Music Reviews
Quiet Signs

Jessica Pratt Quiet Signs

(Mexican Summer) Buy it from Insound Rating - 8/10

Jessica Pratt's trajectory as a folk artist exists in a timeless state. Taking inspiration from seventies artists like Vashti Bunyan and Sibylle Baier, the LA-based singer-songwriter's somber acoustic songs evoke large emotional gestures that resonate in small settings. It's an achievement in itself that Pratt has managed to achieve a consistency that is rare among her past peers, many of which chose to pursue quiet, modest lives rather than follow the shallow trappings of fame.

There is nothing especially groundbreaking about Quiet Signs at first glance - Pratt performs each of these ten tracks as if enclosed in a dim lit room. The mood is calm and serene, where Pratt's disquieting thoughts vanish with every passing moment. She makes the subtlest chord changes with skillful ease, focused on externalizing her lamenting thoughts with a distinct quiver in her voice. But her elegant poise is what's especially moving, always in pursuit of these little nuances that give her three minutes songs a fuller, yet still imperfect treatment.

But that's not to say that Pratt has succumbed to habits - for Signs, she discarded the homespun recording process of her 2012 self-titled debut and 2015's On Your Love Again in favor of a professional studio. Despite her apprehensions, Pratt's fingerpicked guitar patterns now achieve a newfound clarity that was previously obstructed by the same reel to reel tape techniques Baier used for her sole album Colour Green. Thankfully, Pratt pursues new ways to further her arrangements rather than fall into any myths related to failed or undiscovered singer-songwriters meant for cult adoration.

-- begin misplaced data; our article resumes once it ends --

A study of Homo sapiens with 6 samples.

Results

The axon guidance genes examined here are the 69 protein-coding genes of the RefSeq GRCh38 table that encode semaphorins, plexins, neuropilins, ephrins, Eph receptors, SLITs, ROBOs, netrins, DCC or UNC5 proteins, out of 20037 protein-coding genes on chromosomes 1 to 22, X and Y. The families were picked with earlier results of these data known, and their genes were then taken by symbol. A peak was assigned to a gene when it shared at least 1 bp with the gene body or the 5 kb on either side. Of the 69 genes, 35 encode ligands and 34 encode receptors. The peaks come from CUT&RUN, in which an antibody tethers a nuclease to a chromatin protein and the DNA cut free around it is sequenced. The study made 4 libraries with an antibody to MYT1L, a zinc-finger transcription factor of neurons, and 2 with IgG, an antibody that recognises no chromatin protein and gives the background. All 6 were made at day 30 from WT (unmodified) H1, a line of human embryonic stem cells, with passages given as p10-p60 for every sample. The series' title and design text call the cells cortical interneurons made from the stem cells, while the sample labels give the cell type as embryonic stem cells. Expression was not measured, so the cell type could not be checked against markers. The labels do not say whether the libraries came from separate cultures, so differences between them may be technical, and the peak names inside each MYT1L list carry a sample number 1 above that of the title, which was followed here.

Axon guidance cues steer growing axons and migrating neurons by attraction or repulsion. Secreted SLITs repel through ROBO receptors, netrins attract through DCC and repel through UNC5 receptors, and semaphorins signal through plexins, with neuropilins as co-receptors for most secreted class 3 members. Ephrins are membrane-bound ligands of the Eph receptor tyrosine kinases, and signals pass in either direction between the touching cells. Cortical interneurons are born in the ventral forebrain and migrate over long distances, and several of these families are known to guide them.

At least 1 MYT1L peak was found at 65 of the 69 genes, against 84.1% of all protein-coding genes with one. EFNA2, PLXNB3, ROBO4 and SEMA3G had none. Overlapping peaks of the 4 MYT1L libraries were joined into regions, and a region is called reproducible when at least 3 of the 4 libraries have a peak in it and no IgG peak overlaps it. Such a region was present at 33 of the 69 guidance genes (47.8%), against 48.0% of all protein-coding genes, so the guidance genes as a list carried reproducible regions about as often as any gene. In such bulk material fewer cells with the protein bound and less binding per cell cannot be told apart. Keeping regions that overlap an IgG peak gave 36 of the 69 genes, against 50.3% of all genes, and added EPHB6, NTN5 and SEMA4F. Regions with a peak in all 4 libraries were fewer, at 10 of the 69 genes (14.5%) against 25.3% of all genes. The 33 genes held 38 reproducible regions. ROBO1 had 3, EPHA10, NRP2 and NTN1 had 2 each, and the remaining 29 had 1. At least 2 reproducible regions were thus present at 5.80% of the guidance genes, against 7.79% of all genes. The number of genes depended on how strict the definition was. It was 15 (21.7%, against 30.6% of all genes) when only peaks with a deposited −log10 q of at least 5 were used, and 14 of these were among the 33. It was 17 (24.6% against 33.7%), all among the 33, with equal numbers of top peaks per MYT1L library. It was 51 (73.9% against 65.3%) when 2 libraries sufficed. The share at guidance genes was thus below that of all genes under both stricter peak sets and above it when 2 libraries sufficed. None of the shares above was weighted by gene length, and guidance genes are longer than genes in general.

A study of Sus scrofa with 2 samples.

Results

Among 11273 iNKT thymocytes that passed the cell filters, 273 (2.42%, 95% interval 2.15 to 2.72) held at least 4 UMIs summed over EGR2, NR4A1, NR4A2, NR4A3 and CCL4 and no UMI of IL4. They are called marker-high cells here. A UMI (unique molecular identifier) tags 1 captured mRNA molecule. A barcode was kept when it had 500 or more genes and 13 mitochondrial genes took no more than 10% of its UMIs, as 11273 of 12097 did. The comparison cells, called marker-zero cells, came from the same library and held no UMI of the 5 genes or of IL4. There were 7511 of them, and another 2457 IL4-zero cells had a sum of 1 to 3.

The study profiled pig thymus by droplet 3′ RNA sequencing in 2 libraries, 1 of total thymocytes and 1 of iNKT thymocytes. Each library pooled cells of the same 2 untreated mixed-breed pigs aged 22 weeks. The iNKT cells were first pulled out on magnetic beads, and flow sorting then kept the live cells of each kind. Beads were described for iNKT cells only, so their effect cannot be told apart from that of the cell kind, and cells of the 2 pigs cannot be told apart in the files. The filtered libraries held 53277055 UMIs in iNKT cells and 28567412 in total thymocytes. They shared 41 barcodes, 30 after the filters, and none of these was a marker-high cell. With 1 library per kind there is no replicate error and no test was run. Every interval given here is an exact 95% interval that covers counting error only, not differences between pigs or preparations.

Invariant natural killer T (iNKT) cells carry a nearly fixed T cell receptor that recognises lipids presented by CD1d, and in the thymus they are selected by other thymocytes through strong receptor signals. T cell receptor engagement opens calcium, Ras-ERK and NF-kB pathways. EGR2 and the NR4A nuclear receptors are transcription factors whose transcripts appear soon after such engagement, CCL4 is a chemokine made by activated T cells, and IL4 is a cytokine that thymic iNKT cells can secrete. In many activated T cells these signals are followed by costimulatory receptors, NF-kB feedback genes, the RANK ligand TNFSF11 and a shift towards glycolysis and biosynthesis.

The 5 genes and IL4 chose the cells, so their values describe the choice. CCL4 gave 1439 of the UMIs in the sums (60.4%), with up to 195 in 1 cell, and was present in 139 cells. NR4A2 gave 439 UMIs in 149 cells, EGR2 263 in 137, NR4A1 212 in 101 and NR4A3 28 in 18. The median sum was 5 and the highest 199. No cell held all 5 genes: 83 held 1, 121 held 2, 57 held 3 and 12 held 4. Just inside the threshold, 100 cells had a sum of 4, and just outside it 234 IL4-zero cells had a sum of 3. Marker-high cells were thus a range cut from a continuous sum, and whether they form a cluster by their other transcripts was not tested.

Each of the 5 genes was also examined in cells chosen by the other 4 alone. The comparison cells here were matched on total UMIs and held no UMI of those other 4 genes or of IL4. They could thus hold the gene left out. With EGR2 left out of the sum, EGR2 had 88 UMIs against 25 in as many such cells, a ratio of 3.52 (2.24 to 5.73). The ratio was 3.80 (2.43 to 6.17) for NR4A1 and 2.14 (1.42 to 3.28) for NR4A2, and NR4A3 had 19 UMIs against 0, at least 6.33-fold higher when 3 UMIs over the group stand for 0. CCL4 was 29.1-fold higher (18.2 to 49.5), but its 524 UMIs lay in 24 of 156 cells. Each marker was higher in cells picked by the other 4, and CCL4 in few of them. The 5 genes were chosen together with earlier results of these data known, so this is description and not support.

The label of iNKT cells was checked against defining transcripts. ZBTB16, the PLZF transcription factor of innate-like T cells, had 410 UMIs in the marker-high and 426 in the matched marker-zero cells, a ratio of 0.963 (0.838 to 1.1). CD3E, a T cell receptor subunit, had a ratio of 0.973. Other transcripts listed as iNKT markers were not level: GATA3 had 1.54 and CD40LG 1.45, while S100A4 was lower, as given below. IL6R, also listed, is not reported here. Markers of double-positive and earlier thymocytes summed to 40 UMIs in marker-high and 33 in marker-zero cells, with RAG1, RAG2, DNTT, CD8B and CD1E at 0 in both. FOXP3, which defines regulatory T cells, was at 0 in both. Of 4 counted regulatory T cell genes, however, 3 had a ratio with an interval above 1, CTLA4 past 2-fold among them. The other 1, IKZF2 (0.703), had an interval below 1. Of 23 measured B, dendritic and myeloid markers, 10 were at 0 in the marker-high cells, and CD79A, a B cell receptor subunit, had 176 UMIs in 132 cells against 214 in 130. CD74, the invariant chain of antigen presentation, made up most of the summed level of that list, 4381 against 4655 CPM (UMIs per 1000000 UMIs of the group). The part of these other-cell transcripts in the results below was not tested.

In Signs, Pratt is fully committed to pursuing a career even if she does it on her terms. Nevertheless, there's still a classic approach to Pratt's songwriting that is akin to that of buying musty-smelling vinyl at a secondhand vinyl shop. From the arpeggiated passages of Poly Blue to the distant, yet harmonic melancholy of Crossing, Pratt continues to emulate the intricate incandescence of British pastoral folk. Earthy in character, yet with a cosmic touch, her reverbed chord structures are as isolated as the heartbreak that permeates in her cryptic imagery.

Even if not immediately noticeable, Pratt has significantly slowed down her guitar work in an attempt to push her inquisitive intonations to the forefront. She's extending her reach as a storyteller, a missing link that has been missing, or, perhaps, clouded by her unique vocal phrasing. The deliberate strums of Fare Thee Well allow Pratt to fill in the empty spaces in between, musing on the absence of a relationship that was once a revolving door of deeply felt, yet damaged occurrences. She tends to withhold information, but at the same time, reveals just enough to spark one's literary intuition.

Pratt's more placid demeanor also allows her to color different shades of instrumentation into her sparse compositions. On Here My Love, she adds a smoky, loungy piano accompaniment that gives a sense of comfort to her bittersweet reminiscence. There's also a spiritual resemblance to the jazzy inflections of Nick Drake on Fare Thee Well, where a sprightly-sounding flute adorns the track's otherwise dainty use of lysergic ambiance. But simplicity is still the order of the day, like in the aptly titled SIlent Song, even if her stark guitar playing has shifted to the guitar stylings of musicians like Joan Baez and nova trova legend Silvio Rodriguez; it's surprising to see how she steps away from the psychedelic influences of her past work.

Whereas Pratt once settled on a colder and more reserved state, Quiet Signs manages to present a more empathetic side of her that was once concealed. It's still quaint by comparison, though, a delicately-crafted acoustic set that offers insight into her deepest fears and truths without letting us encroach into her private space.